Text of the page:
Pixar make their debut on Disney+ with Soul, a charming animation that follows the life of music teacher and jazz aficionado Joe, who’s voiced by Oscar winner Jamie Fox, his character marking the first time that an African-American protagonist has led one of their films. In typical Pixar fashion there are numerous layers to unearth here as the film tackles some of the more ponderous questions of life and indeed, the afterlife. It’s not their best work to date but then Pixar’s line-up is one of the finest and most enviable collections in cinematic history. I mean, what could top Toy Story?
Soul is about purpose and our perpetual need as human beings to find it. Straight away we feel Joe’s wide-eyed fascination with jazz and unwavering ambition to play with the big boys, his purist idealisms repelled by his financially conscious mother, who encourages a more stable route for a middle-aged man. A theme many artists no doubt struggle with on daily basis: chase the dream or settle for mediocrity?
Just as things look to be coming together for Joe, he ends up in the Great Beyond, a kind of halfway house between life and death. Unwilling to have his dreams crushed this close to realising them, he attempts to escape the clutches of death which inadvertently lands him somewhere even stranger, the Great Before.
I won’t give too much away here because it’s best left to discover the clever intricacies of the world Pixar has built but in brief, the Great Before is a place where souls are allocated traits before heading to earth. Here we’re introduced to Tina Fey’s character, 22. She’s ran the circuit more than a few times earning herself a negative reputation because of her inability to derive joy from virtually anything.
22’s cynicism and Joe’s desperation to return home make for a perfectly dysfunctional pairing. The two characters work very well together, there has been some public criticism of Pixar’s decision to employ a middle aged white woman (Tina Fey) to play a juvenile “soul” but like most of the other poorly informed cancel culture opportunists in recent memory, it really, really, doesn’t matter or have any effect on how the film is absorbed. I’m sure if Kemp Powers (the African-American co-writer of Soul) had an issue with the casting he would have objected long before production began. If it’s good enough for Kemp, it’s good enough for me!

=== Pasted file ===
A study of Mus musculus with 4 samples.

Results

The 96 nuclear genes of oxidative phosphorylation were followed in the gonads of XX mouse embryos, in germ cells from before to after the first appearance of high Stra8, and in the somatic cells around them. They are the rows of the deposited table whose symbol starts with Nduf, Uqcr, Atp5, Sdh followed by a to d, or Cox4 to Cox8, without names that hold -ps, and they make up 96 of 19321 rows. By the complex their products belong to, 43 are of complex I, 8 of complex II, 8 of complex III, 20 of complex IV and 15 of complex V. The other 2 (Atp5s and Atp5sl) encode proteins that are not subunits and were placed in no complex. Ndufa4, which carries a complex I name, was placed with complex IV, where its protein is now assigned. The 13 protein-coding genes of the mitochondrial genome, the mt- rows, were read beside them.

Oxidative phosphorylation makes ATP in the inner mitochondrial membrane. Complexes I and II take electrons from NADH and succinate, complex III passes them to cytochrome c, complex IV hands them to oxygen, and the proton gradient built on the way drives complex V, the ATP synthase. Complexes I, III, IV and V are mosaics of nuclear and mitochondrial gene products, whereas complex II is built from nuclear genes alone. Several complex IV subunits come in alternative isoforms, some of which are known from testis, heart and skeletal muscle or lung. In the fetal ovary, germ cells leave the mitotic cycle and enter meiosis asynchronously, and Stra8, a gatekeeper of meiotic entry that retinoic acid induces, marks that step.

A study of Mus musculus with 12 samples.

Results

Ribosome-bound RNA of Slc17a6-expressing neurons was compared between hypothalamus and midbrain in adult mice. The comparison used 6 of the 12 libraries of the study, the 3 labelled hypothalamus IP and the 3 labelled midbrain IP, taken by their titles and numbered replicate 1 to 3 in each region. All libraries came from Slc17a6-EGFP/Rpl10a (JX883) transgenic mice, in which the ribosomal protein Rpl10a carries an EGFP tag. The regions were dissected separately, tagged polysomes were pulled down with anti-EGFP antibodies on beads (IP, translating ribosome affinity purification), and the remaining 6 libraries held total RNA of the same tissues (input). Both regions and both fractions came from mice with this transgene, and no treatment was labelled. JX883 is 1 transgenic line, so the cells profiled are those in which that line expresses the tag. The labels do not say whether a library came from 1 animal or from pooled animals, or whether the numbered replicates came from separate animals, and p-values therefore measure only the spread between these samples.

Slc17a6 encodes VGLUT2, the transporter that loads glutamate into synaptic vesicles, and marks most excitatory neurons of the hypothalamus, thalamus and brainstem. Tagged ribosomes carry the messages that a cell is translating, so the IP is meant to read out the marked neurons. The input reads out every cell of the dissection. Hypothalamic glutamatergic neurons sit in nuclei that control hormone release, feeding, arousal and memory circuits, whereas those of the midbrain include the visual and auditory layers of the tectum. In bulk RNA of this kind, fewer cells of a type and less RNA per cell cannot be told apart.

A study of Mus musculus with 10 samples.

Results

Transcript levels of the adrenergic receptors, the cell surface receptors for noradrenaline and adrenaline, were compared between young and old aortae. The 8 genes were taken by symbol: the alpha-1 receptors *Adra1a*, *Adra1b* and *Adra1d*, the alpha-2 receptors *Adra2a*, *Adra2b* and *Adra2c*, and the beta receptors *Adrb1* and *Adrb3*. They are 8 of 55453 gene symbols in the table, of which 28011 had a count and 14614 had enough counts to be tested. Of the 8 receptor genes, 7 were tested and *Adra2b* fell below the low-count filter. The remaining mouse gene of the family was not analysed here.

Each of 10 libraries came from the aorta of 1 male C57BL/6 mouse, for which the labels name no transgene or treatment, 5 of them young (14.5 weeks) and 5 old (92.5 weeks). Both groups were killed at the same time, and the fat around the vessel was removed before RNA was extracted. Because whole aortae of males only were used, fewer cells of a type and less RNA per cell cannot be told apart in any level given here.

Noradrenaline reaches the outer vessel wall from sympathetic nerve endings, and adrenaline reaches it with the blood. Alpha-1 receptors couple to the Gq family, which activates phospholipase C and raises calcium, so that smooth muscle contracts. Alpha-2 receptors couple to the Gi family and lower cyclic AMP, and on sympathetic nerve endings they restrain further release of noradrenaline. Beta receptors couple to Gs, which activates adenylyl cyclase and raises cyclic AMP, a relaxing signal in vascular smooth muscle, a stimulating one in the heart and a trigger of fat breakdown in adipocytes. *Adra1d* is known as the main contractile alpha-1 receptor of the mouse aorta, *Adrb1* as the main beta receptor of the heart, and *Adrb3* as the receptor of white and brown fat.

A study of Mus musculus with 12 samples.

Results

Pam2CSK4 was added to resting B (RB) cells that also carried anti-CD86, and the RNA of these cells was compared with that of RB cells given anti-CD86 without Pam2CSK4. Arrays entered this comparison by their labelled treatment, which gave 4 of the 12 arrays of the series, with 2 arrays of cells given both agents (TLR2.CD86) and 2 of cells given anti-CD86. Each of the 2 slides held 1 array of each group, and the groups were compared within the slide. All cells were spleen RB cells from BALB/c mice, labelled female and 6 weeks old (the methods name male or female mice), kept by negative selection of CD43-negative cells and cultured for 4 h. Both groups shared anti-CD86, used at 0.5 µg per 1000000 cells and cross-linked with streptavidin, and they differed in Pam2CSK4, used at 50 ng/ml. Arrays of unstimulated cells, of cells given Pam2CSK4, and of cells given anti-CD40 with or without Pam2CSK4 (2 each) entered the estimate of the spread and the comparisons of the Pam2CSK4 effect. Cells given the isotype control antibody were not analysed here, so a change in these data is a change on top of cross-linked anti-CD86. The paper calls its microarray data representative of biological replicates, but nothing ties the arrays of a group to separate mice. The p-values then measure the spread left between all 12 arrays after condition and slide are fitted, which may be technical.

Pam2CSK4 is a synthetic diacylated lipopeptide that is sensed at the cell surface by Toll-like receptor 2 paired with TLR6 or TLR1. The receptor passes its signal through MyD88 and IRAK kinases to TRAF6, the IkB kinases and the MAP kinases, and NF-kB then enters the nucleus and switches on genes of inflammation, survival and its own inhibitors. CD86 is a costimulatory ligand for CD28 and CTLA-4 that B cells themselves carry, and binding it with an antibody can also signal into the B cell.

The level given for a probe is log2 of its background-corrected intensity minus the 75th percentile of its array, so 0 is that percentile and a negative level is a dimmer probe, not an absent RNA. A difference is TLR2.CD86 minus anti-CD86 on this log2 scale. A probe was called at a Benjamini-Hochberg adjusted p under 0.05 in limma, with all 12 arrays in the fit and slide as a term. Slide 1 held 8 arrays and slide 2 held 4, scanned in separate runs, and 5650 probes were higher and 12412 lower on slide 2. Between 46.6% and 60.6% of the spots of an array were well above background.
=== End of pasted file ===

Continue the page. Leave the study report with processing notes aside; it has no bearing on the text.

There are some other notable performances amongst the cast such as Graham Norton, Angela Bassett, Rachel House and Richard Ayoade, all of whom bring piles of charisma and life to the film.
As is the case with all Pixar animations, the art style here is gorgeous. There’s a sparsity to Soul that I’ve not seen before. The way that simple lines, shapes and muted tones have been used to portray the otherworldly experiences are as intriguing as they are fascinating. Soul’s abstract design is used to its credit and represents a complete departure from what we’re used to seeing from them.
This is a film centred around jazz, so it’s presumed that we’ll see multiple references to the forefathers of the genre and the iconic, infectious style that the musicians submit to on stage. There’s just something about jazz that manages to enrich the world around it, whether you’re a fan or not, its coolness can’t be denied.
For all of its originality and boldness though, Soul finishes just shy of greatness. It has all of the cornerstones that its contemporaries had but there’s a lack of emotional connection to its characters and world. Which sounds silly to say after praising so much about it all but as Soul pulls you through its journey and eventually comes to an end, I’m left feeling a little void that it wasn’t able to fill. Another example of this was with The Good Dinosaur; all the makings of a classic but something was missing. Still, none of that is to say that it’s poor or not worth your time, it absolutely is, I’m just saying you likely won’t place it next to Toy Story or Inside Out.
Pixar offers up something different this time around with a film daring to explore some heftier themes and also by making its mark as their first African-American led feature. Soul’s mesmerising art style and captivating jazz melodies compliment a sweet and enjoyable journey that’s worth your time but it doesn’t quite hit the height of its predecessors due to a lack of connection to its core characters.